For passionate sports enthusiasts, there are certain days that leave an indelible mark, resistant to the passage of time. Instead, as the years go by, these days find a cherished spot in the treasury of memories. June 25, 1983, holds that kind of significance for every Indian cricket lover of a particular generation.
On that day, London’s Sunday Times reported that it was a day “when cannon fodder turned cannon.” England cricket legend Denis Compton echoed this sentiment in the Sunday Express, describing it as the day when “the World Cup no-hopers stopped the Calypso kings in their tracks.”
The impact of this historic victory transcended social boundaries, becoming a personal and shared experience across classes. From government offices to bus stops, from cigarette shops to railway stations, the radio commentary became a collective activity. People could interrupt anyone with a transistor radio to get the latest score. Change was in the air.
In 1982, Doordarshan initiated national programming, and color transmission began the same year. The affluent urban population had the privilege of watching the 1982 Delhi Asian Games live on color televisions. Many others, like myself, followed the national team’s fortunes on the BBC World Service. I was familiar with Berbice and had celebrated the team’s victory at Old Trafford.
However, a victory in the final against Clive Lloyd’s formidable West Indies seemed like an implausible dream, as unlikely as Uruguay’s win over Brazil in the 1950 football World Cup final. I experienced a rollercoaster of emotions while listening to the radio commentary that evening. In a few weeks, video recordings of the Lord’s final were available for viewing in makeshift auditoriums at a price of Rs 5. I sat among a group of ordinary men in a smoke-filled room next to a coal depot, witnessing Srikkanth’s square-boundary shot off Andy Roberts, aptly described by Wisden as “a pistol shot.”
I watched with amazement as a confident Vivian Richards displayed a T20-like cameo in the era of 60-over ODIs. I gasped as Kapil Dev ran backward to take India’s most iconic catch ever. When Mohinder Amarnath trapped Michael Holding leg before, the room erupted in cheers, as if we were witnessing the game live.
Until then, the Board of Control for Cricket in India (BCCI) had largely overlooked ODIs. However, the cricket-loving public had been captivated by the shorter format of the game. Mihir Bose noted in his book “A History of Indian Cricket” that in September 1983, a wave of cricket frenzy swept across the country. India won both ODI matches against Pakistan during their tour, including the unofficial floodlit match in Delhi, the first of its kind in India. He observed that while large crowds flocked to these matches, there was a decline in interest for the subsequent Test matches.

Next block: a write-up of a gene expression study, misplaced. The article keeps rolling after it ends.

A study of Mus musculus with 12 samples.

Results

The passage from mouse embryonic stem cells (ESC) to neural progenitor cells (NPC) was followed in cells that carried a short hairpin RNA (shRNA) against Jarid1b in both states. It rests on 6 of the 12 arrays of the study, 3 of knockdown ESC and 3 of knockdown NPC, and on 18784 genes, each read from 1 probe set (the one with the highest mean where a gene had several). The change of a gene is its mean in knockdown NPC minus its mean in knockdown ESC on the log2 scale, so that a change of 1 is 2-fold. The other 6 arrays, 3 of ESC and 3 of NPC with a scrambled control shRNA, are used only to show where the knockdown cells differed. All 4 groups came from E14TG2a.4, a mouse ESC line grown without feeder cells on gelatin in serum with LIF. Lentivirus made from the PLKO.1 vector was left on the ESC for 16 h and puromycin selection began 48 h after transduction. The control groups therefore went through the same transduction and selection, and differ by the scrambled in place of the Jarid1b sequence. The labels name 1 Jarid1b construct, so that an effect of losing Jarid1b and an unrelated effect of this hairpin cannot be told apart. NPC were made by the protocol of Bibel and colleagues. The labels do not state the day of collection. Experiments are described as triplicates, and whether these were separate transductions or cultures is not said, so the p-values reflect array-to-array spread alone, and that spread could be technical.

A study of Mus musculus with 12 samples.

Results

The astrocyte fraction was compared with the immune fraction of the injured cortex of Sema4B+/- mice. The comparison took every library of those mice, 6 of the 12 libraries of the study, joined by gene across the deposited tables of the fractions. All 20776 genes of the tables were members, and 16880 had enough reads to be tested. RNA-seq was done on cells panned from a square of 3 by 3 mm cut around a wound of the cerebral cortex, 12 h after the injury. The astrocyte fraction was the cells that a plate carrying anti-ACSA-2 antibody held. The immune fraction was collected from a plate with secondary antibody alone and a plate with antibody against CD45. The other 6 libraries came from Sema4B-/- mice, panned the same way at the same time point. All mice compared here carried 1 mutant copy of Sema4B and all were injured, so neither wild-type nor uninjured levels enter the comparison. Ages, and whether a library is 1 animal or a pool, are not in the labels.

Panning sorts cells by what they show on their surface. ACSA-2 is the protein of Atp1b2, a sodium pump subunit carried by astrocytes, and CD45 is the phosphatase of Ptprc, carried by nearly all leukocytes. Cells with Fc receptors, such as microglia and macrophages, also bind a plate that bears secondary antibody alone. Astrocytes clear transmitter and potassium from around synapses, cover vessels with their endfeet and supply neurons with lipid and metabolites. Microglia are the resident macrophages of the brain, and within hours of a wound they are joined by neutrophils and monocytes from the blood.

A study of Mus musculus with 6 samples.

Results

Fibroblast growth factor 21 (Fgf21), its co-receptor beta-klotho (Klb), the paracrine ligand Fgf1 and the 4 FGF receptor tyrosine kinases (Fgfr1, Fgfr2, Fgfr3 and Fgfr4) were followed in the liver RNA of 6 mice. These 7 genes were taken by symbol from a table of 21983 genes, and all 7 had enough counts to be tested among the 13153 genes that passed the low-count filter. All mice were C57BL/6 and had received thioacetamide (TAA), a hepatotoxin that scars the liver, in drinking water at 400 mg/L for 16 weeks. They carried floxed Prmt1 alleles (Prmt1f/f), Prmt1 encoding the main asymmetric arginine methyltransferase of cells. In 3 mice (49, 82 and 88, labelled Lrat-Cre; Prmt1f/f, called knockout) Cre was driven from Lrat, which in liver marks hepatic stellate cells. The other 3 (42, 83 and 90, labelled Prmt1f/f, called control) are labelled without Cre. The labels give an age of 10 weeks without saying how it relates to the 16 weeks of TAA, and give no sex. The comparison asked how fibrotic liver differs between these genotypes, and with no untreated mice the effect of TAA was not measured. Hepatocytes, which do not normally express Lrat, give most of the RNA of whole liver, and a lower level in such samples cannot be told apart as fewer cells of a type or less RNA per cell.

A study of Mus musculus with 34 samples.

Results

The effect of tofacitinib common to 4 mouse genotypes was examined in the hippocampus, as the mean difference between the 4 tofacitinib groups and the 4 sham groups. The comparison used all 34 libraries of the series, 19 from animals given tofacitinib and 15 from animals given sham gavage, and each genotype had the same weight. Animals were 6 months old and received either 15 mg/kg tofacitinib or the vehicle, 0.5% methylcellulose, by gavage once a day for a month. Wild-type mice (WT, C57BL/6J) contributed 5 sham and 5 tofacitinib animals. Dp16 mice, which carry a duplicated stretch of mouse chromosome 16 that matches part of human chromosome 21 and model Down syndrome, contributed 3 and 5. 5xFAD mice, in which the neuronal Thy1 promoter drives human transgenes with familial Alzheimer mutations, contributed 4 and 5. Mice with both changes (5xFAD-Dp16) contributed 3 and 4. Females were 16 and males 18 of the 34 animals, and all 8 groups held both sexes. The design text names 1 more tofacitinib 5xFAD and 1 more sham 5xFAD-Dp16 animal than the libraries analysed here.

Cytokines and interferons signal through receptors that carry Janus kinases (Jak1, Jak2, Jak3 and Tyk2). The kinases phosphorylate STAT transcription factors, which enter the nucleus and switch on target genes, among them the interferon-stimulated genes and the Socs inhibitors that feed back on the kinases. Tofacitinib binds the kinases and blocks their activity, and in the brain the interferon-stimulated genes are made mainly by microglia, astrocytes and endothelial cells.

This changing dynamic, with the audience’s enthusiasm for shorter-format cricket, their waning interest in Tests, and the expanding reach of television, forced the BCCI to reconsider its strategies. In the 1980s, hundreds of transmitters were installed across the country, extending television coverage to small towns and rural areas. Television became a must-have gadget for the middle-class households.
Significant changes were made to the team’s playing calendar. Between 1974 and 1983, India played approximately 5.5 games per year. However, between 1984 and 1989, the number skyrocketed to 19 games annually. Cricket on television emerged as a market rival to cinema.
Two months before the 1987 Reliance World Cup, Film Information, a trade magazine, noted that “no major film will be released during this period” due to the competition posed by cricket.
Following the 1983 victory, the gap between cricket and other sports widened. Football struggled to achieve notable success even at the Asian level during the 1980s. Hockey could boast of the 1975 World Cup victory and the 1980 Olympic gold, albeit in a depleted field. However, the humiliating 7-1 defeat against arch-rivals Pakistan in the Delhi Asian Games left a bitter taste.
With more astute administrators focused on the market, cricket utilized lucrative television deals to dominate the minds of sports enthusiasts, even in small towns and rural areas. With the advent of satellite television in 1991, TV deals eventually transitioned from rupees to dollars. The impact of cricket on TV would become evident in India’s subsequent World Cup triumphs.